A two-day symposium on African Mortality held at the Radisson Blu Hotel in Freetown drew participants from Africa and other parts of the world to discuss the rate of maternal mortality in Africa.
During his presentation on the topic ‘Malnutrition in the causal chain of under-five child deaths: The role of clinical misdiagnoses – Bombali and Bo Districts in Sierra Leone.’ the Deputy CHAMPS Team Lead Dr. Erick Kaluma started by defining Malnutrition as deficiencies or excesses in nutrient intake, imbalance of essential nutrients, or impaired nutrient utilization, he said that the SDG target 2.2 states that 50% of under-five deaths have malnutrition in the causal chain, Malnutrition in <5 in Sierra Leone, 63,362 (1.4%) children are severely malnourished, 33% of <5 are stunted, 176,269 (3.9%) have acute, malnutrition annually.
Dr. Erick continued that the effects of malnutrition weakened immunity, susceptible to long-term, developmental delays, and severe irreversible physical and cognitive damage, which is why CHAMPS (Child Health And Mortality, Prevention Surveillance) is a Global surveillance network that generates and shares accurate causes of death data on child mortality, did a Study between 2019 to 2022 to compare the accuracy of diagnosis of malnutrition between clinicians and the CHAMPS DeCoDe panel focusing on Children 6 months to 5 years, Malnutrition in the causal chain of death Exclusion, Cases without clinical abstraction and others.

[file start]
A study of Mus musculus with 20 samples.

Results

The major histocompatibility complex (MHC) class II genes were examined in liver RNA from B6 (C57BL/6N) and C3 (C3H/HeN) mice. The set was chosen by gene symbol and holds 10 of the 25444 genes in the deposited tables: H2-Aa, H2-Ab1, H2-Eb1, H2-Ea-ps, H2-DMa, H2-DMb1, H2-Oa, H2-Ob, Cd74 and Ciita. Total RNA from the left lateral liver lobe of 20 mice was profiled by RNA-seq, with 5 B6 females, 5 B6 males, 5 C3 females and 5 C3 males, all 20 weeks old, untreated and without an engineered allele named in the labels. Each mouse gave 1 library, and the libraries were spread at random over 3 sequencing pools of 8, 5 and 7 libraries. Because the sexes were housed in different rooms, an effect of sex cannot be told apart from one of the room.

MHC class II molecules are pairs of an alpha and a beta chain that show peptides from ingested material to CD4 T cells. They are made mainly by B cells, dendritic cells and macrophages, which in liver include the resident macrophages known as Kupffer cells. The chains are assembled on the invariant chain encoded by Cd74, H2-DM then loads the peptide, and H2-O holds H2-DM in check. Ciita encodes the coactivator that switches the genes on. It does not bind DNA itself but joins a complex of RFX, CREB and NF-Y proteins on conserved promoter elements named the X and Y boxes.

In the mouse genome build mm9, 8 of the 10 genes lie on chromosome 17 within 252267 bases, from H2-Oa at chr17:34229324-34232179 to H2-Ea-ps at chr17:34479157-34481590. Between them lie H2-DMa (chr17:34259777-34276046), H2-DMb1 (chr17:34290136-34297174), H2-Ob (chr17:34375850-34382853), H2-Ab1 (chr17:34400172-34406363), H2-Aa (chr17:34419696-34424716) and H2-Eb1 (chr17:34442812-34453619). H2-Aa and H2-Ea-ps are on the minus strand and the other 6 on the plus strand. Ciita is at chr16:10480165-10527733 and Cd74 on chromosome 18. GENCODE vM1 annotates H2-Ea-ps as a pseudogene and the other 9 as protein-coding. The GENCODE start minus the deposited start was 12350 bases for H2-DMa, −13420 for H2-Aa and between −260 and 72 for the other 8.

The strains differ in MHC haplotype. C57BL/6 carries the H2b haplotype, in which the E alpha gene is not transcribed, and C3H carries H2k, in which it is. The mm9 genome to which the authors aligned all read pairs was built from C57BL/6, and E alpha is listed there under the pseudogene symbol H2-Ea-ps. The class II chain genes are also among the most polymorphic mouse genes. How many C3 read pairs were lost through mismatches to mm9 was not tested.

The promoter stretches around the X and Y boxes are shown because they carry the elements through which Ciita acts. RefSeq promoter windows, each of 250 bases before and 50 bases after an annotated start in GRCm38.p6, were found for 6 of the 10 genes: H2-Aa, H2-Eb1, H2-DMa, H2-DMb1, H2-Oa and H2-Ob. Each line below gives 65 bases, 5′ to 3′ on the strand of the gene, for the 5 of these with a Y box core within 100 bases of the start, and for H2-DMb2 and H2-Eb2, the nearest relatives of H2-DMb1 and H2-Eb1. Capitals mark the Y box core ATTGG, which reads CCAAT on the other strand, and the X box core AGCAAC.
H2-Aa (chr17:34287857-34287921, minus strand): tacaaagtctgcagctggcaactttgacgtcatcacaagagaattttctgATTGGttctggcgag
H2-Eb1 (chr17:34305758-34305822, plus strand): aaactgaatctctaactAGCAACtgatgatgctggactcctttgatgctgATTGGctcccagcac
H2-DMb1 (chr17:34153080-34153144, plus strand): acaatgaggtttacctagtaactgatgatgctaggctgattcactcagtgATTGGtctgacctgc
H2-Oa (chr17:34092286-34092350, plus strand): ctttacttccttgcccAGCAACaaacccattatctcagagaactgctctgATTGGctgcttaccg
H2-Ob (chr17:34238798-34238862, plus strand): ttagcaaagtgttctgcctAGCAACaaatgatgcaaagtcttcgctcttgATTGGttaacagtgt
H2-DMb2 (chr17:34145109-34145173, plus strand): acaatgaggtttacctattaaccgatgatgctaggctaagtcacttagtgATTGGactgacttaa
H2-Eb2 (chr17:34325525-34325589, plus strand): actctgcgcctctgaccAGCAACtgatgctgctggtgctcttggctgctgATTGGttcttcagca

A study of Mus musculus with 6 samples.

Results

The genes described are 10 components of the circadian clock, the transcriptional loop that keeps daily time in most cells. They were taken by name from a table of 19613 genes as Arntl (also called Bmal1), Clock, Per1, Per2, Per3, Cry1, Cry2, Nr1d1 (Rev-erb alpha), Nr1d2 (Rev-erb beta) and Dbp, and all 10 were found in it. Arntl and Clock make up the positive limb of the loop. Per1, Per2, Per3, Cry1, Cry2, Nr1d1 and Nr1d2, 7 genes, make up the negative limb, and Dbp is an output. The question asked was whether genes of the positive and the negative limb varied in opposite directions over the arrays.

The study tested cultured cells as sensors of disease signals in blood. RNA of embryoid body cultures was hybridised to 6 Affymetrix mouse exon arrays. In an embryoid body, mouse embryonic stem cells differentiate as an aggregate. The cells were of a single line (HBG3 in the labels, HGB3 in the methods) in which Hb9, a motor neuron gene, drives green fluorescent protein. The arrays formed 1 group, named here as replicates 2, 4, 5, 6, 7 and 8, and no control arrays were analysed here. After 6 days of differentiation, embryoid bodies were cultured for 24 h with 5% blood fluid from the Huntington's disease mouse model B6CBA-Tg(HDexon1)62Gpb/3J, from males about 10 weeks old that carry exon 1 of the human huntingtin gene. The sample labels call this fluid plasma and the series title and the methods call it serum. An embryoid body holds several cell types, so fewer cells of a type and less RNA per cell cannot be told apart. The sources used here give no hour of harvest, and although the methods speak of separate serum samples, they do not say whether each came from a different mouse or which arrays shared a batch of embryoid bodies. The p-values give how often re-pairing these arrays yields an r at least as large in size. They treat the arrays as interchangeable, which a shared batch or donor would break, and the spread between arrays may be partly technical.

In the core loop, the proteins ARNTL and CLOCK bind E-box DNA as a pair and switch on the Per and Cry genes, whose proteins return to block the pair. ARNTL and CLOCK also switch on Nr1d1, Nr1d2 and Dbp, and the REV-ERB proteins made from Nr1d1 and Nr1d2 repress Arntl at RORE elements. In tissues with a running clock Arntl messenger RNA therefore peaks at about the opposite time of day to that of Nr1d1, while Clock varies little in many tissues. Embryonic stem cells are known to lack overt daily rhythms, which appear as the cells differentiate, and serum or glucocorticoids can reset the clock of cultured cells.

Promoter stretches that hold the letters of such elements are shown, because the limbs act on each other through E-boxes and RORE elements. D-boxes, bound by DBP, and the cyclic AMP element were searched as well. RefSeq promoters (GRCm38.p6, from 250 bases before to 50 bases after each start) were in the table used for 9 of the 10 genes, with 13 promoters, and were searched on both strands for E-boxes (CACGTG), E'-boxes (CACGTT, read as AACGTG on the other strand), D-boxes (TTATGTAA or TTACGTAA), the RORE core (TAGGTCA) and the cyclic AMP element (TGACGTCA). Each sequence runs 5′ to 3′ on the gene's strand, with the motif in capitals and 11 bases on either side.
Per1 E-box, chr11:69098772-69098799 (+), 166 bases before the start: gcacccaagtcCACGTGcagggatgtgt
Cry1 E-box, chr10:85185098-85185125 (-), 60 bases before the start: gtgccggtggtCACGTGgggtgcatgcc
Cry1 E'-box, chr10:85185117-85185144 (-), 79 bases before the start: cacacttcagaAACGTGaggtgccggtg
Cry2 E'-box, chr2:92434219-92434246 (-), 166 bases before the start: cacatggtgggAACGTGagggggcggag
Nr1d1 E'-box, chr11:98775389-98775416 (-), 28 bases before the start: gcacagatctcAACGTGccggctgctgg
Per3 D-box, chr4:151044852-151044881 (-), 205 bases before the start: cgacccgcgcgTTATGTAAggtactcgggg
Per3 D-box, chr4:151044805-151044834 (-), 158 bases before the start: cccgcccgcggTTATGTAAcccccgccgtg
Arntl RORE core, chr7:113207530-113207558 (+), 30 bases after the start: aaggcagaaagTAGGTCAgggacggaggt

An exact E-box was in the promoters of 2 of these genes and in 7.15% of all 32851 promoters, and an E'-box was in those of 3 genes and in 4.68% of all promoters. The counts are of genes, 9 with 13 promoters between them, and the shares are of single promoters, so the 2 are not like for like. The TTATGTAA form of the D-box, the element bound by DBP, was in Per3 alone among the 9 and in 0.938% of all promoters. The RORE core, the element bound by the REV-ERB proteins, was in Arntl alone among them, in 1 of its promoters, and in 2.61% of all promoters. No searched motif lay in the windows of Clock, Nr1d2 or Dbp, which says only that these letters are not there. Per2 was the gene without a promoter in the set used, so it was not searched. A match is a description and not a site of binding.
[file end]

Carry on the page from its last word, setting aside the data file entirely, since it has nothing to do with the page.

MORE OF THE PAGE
He ended by saying that clinicians are missing a diagnosis of malnutrition in up to 76% of children <5, for which he recommended Improving the capacity for the clinical diagnosis of malnutrition, and additional qualitative research, is needed.
Apart from the presentation made, there were 8 additional postal which were written by local CHAMPS staff in Makeni and Bo, these write-ups will be considered for publication.
The panel which featured CHAMPS was made up of Dr. Portia C Mutevedzi, who spoke on how CHAMPS is reducing child mortality through post-mortem testing in resource-limited settings with high mortality, Mr. Sorie I.B Kamara- spoke on the foundation for High-resolution Mortality Surveillance, the Experience of CHAMPS in Sierra Leone and Mr. Tesfamichael A. Sisay looked at the Minimally Invasive Tissue Sampling (MITS) in home settings: a descriptive study in Butajira Health and Demographic Surveillance system (HDSS). The roundtable discussion was chaired by Dr. Ikechukwu Ogbuanu the County Site Director of CHAMPS.